Issue: "Unions: Dues and don'ts," Nov. 30, 2002

Scoring system: 5 points for news stories appearing on the front page of The Washington Post, 3 for stories on the next two pages of the "A" section, and 1 thereafter. Same formula for USA Today, except the values are doubled to account for its national circulation. Stories carried on NBC Nightly News receive 10 points if they run before the first ad break, 6 between the first and second break, and 2 thereafter. Anchor-read stories earn 2 points early, 1 point late.

1

Staggered

218 Points | The American Civil Liberties Union didn't like it, but Attorney General John Ashcroft warmly welcomed an appeals court ruling that the government can employ sweeping new surveillance powers approved under the USA Patriot Act. The Justice Department insisted the increase in secret wiretaps and searches would not be "staggering." Meanwhile, Washington Post reporter Bob Woodward's new book Bush at War charges that Fox News boss Roger Ailes sent a private message to the Bush White House to stand firm in the face of the Sept. 11 attacks. Mr. Ailes denied offering the president policy advice, but liberal critics of Fox attacked the move, saying it sullied the slogan "we report, you decide." Conservatives countered that the note was no match for the activity of former CNN president Rick Kaplan, who golfed with President Clinton, stayed in the Lincoln Bedroom, and offered advice on how to handle interviews about the Gennifer Flowers affair.

2

The Iraq Files


3

Orville, Wilbur, Norm

78 Points | The White House's post-election political momentum continued as the House and the Senate passed legislation to create a massive new Department of Homeland Security. Among Republicans, only Sen. John McCain wandered off the reservation and voted with the Democrats to strip provisions from the House bill, saying it carried "egregious special interest riders." Three Democrats voted with the GOP. The Senate didn't relish sending an altered bill back to the House, which signaled it was finished for the year. Transportation Secretary Norman Mineta touted that important goals were met in federalizing airport security personnel under the Transportation Security Agency, soon to be part of the new Homeland Security Department. He even compared the hiring and training of 44,000 TSA employees this year to Orville and Wilbur Wright's flight at Kitty Hawk. But TSA chief James Loy rained on the parade by admitting that they will not meet a Dec. 31 deadline for subjecting all airport luggage to security screening.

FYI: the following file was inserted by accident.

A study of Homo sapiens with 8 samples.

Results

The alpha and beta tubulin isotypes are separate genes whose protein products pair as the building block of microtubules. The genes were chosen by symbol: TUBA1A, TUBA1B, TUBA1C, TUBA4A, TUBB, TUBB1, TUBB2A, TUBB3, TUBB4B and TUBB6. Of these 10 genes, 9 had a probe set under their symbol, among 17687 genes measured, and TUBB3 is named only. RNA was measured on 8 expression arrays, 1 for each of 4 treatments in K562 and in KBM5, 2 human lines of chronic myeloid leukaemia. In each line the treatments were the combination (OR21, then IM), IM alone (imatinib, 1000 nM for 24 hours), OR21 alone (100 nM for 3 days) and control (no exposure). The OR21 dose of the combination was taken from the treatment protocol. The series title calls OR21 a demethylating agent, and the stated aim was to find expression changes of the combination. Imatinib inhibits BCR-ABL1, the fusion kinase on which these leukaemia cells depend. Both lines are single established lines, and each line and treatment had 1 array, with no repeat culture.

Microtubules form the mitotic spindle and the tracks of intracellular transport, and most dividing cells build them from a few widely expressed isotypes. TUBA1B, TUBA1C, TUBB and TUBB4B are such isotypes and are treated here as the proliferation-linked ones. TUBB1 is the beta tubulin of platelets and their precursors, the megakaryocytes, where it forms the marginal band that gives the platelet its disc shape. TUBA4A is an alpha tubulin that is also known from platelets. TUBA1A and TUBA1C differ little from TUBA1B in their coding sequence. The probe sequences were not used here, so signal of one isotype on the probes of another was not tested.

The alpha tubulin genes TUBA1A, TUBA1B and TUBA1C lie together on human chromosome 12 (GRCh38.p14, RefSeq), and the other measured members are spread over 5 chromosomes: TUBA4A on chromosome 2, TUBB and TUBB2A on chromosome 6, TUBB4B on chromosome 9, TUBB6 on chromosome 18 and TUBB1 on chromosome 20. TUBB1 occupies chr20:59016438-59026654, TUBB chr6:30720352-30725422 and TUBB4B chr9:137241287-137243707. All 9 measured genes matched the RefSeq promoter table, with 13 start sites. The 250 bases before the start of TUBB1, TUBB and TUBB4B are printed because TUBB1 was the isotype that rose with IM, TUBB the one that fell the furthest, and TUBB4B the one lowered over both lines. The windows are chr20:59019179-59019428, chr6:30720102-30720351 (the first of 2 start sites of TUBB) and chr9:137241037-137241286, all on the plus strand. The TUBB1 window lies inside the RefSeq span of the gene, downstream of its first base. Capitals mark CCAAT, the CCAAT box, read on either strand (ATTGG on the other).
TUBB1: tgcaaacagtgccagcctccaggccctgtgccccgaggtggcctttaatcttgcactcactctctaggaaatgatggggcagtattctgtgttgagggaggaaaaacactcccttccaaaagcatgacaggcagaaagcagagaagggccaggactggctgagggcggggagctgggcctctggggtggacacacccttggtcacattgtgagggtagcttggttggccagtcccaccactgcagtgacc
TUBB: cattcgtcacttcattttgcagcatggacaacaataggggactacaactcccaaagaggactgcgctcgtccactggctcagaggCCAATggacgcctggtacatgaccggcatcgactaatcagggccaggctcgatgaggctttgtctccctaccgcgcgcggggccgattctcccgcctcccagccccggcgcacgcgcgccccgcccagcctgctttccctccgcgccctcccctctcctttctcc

4

Joined at the Left

61 Points | Former Vice President Al Gore made the rounds of television and print interviews ostensibly surrounding his new book, Joined at the Heart, with wife Tipper, but the topic quickly turned to 2000 and 2004 (see p. 10). So far, pundits have been most surprised at his dramatic moves to the left, including a new embrace of a government-dominated single-payer health-care program like Canada's. The contenders in Louisiana's Dec. 7 runoff for the U.S. Senate faced off in debate on NBC's Meet the Press. Democrat Sen. Mary Landrieu presented herself as a moderate, despite her career American Conservative Union rating of only 14 percent. GOP candidate Suzanne Terrell denied she had once been pro-choice and said she would support a Human Life Amendment to the Constitution banning abortion.

5

Tolerance Test

42 Points | Gathering in Washington, America's Roman Catholic bishops voted 246 to 7 for revisions in the sexual-abuse policy just agreed on in Dallas in June ("On second thought," Nov. 23). The Vatican insisted that the Dallas "zero tolerance" policy to remove priests who had been accused of wrongdoing violated the due process rights of priests, and insisted only church tribunals can impose permanent penalties. The bishops maintained that by spelling out the procedures, the new policy is actually tighter than the Dallas plan. But victim advocacy groups called the new rules a retreat toward more secrecy and less control from the laity. As they gathered, the bishops also decried spousal abuse as a sin, and insisted victims "are not expected to stay in an abusive marriage." They also issued a three-page statement opposing war in Iraq.